RG3 adjusting to life as a Heisman winner

Robert Griffin III quickly discovered there are a few things they don't tell you about winning a Heisman Trophy.

For one, sleep is at a minimum for players selected to attend the Heisman presentation in New York.

"I was booked from 6 in the morning until 9 at night on Saturday and Sunday, and then on Monday, so it was really crazy," Griffin said.

The result was a five-day stretch in which the man best known as RG3 spent a whole lot more time fulfilling pre- and post-award media obligations than he did sleeping. Most nights, he only managed about four hours of sleep before waking for another full day.

He left for the Home Depot College Football Awards on Tuesday, Dec. 6, and didn't return to Waco, Texas, until a week later.

"I felt like I was gone for two months with all the stuff we had done," Griffin said. "It’s crazy, you leave one week and you come back seven days later and you have a Heisman Trophy and a Davey O’Brien Award."

After Saturday's performance, Griffin made appearances on "The Late Show with David Letterman” to deliver the nightly Top Ten list. He made appearances on CNN and stopped by "The Early Show." Not exactly standard media fare for a college football player. In the meantime, he signed 280 footballs to be auctioned off by the Heisman Trust.

"Once you win it, it’s a whirlwind, and you’ve got to try and make sure you stay grounded and just realize that you’re doing all this stuff for a reason," Griffin said. "You’re doing it for your school."

That's the biggest reason why nothing Griffin experienced over the past week topped what he saw Sunday morning after the Heisman ceremony.

"The best part to me was to wake up the next day and see the reactions on the Internet from Waco, Texas," Griffin said. "If you can watch that kind of stuff and know exactly what Baylor’s been through, that’s pretty moving."

He made his way back to Waco at 5:20 on Tuesday afternoon. Forty minutes later, bowl practices began at Baylor's facilities after an unofficial celebration and the trophy's debut with Griffin's teammates.

Once practice ended, Griffin went home and slept "for a long time" to catch up from his whirlwind week in Manhattan.

Wednesday night, Griffin made a grand entrance with the trophy at halftime of a Baylor basketball game, delivering a speech after a highlight video and giving Bears fans a chance to celebrate with him. He was scheduled to go back and receive a key to his hometown of Copperas Cove, Texas, on Thursday, but that celebration has been postponed until after 9-3 Baylor faces Washington in the Alamo Bowl on Dec. 29 to give Griffin a chance to direct his focus back to football.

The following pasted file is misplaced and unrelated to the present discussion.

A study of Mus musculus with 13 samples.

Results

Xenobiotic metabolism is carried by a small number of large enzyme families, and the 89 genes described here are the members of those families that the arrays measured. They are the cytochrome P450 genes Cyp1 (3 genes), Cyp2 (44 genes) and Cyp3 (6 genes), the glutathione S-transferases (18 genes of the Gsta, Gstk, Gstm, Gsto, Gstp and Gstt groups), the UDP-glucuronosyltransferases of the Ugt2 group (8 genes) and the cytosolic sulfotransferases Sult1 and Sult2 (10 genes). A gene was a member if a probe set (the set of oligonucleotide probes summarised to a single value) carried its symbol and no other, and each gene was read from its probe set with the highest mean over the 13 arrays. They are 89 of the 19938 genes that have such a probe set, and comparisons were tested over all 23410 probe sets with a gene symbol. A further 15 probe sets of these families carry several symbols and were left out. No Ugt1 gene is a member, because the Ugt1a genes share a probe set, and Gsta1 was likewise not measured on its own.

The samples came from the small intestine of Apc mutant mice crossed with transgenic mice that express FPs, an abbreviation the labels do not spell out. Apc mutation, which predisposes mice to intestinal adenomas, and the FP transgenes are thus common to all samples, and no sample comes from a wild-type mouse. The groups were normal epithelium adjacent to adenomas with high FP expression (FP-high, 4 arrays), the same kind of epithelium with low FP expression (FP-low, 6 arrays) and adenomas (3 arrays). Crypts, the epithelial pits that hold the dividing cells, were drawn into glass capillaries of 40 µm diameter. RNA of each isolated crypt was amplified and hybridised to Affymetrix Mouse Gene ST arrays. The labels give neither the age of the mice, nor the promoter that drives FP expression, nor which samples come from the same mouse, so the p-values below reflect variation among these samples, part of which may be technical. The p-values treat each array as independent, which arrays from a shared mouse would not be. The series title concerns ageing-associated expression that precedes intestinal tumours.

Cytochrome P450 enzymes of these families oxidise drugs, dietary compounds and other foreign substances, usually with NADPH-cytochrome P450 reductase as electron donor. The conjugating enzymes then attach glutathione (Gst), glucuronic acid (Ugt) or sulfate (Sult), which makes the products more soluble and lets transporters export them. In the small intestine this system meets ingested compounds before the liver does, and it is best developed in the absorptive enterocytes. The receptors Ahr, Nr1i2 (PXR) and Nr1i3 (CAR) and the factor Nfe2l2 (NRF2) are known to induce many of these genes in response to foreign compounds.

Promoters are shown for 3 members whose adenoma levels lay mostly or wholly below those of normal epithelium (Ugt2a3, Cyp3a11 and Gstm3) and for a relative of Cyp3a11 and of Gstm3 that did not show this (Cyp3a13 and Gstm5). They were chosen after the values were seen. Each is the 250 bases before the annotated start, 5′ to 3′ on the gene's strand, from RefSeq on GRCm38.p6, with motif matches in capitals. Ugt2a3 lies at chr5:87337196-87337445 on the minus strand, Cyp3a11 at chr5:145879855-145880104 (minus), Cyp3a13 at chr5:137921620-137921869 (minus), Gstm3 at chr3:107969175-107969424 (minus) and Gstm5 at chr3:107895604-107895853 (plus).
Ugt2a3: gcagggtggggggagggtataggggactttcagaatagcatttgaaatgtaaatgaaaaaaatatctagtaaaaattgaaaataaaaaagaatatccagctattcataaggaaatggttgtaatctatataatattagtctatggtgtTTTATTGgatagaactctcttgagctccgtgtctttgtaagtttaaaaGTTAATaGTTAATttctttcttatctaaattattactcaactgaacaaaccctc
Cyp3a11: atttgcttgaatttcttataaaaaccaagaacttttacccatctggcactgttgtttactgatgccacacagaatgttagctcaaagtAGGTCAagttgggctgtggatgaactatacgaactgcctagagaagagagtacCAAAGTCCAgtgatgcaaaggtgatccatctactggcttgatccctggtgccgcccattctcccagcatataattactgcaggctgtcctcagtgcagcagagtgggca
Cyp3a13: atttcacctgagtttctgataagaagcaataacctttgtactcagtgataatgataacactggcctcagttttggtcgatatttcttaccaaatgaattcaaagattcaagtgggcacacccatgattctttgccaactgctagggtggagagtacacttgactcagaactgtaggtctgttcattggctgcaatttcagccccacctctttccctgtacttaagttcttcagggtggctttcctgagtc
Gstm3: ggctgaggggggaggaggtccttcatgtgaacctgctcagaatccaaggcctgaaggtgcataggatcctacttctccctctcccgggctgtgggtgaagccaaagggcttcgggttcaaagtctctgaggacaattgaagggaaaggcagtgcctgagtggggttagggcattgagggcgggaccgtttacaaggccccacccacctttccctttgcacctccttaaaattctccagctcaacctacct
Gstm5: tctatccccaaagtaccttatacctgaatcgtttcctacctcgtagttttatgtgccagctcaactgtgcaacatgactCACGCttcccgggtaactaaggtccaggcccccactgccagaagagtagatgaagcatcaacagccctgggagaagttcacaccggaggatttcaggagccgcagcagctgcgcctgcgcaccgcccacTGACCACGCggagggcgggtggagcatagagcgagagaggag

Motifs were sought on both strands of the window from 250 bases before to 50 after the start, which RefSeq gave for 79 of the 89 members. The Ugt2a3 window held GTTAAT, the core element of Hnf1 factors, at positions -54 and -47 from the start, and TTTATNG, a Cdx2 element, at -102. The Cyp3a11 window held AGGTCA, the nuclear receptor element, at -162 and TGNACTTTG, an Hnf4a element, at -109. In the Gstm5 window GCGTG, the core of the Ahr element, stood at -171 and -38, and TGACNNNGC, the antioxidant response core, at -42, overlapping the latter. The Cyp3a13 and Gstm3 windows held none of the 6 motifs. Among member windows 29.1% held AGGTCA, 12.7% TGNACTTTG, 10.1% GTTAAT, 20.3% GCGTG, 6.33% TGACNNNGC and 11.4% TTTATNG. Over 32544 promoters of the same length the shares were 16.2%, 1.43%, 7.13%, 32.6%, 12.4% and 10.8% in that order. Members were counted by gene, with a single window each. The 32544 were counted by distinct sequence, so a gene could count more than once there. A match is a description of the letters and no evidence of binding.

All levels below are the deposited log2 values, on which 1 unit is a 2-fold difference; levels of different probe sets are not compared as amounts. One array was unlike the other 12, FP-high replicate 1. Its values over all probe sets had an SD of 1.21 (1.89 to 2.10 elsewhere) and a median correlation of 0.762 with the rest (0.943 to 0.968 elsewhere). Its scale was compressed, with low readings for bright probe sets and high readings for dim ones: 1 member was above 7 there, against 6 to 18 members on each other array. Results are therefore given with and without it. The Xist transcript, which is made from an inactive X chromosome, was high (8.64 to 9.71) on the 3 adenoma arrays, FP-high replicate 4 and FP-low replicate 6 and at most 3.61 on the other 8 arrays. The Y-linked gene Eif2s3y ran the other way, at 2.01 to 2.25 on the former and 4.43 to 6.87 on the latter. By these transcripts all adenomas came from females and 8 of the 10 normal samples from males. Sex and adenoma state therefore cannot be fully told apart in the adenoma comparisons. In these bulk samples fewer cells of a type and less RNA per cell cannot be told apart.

"I don’t think it’s hit me yet," Griffin said. "Just to be able to bring a trophy like that and the recognition that comes with it to Baylor and the city of Waco is huge. So I’m just happy I could make a lot of people proud."

Even athletes such as LeBron James and Michael Vick offered congratulations last Saturday night via Twitter, along with endless handshakes and congratulations from Heisman winners in attendance. Griffin's not on the social networking site, but it didn't take long for word to spread.

"I heard about LeBron and Michael Vick and all that. I really don’t look too much into that stuff," Griffin said. "It’s obviously an honor to hear congratulations from such big stars like them and Barry Sanders and a lot of these other Heisman winners who have been giving me a lot of love. It’s a big honor, and a lot of responsibility comes with holding Heisman Trophy winner in front of your name."

The name Robert Griffin III will forever be preceded by "Heisman Trophy winner," but he says it won't weigh into his impending decision to either forego his final year of college eligibility and enter the NFL draft or return to Baylor for his "senior" season. Griffin graduated in December 2010.

"You don’t want to come back because you lose the Heisman and you don’t want to leave because you won," he said. "So that’s the way I look at it."

For now, he's just adjusting to life after winning college football's most prestigious individual award.

"It definitely is a fraternity," he said. "I never thought I’d join one, but I’m glad I was able to join this one."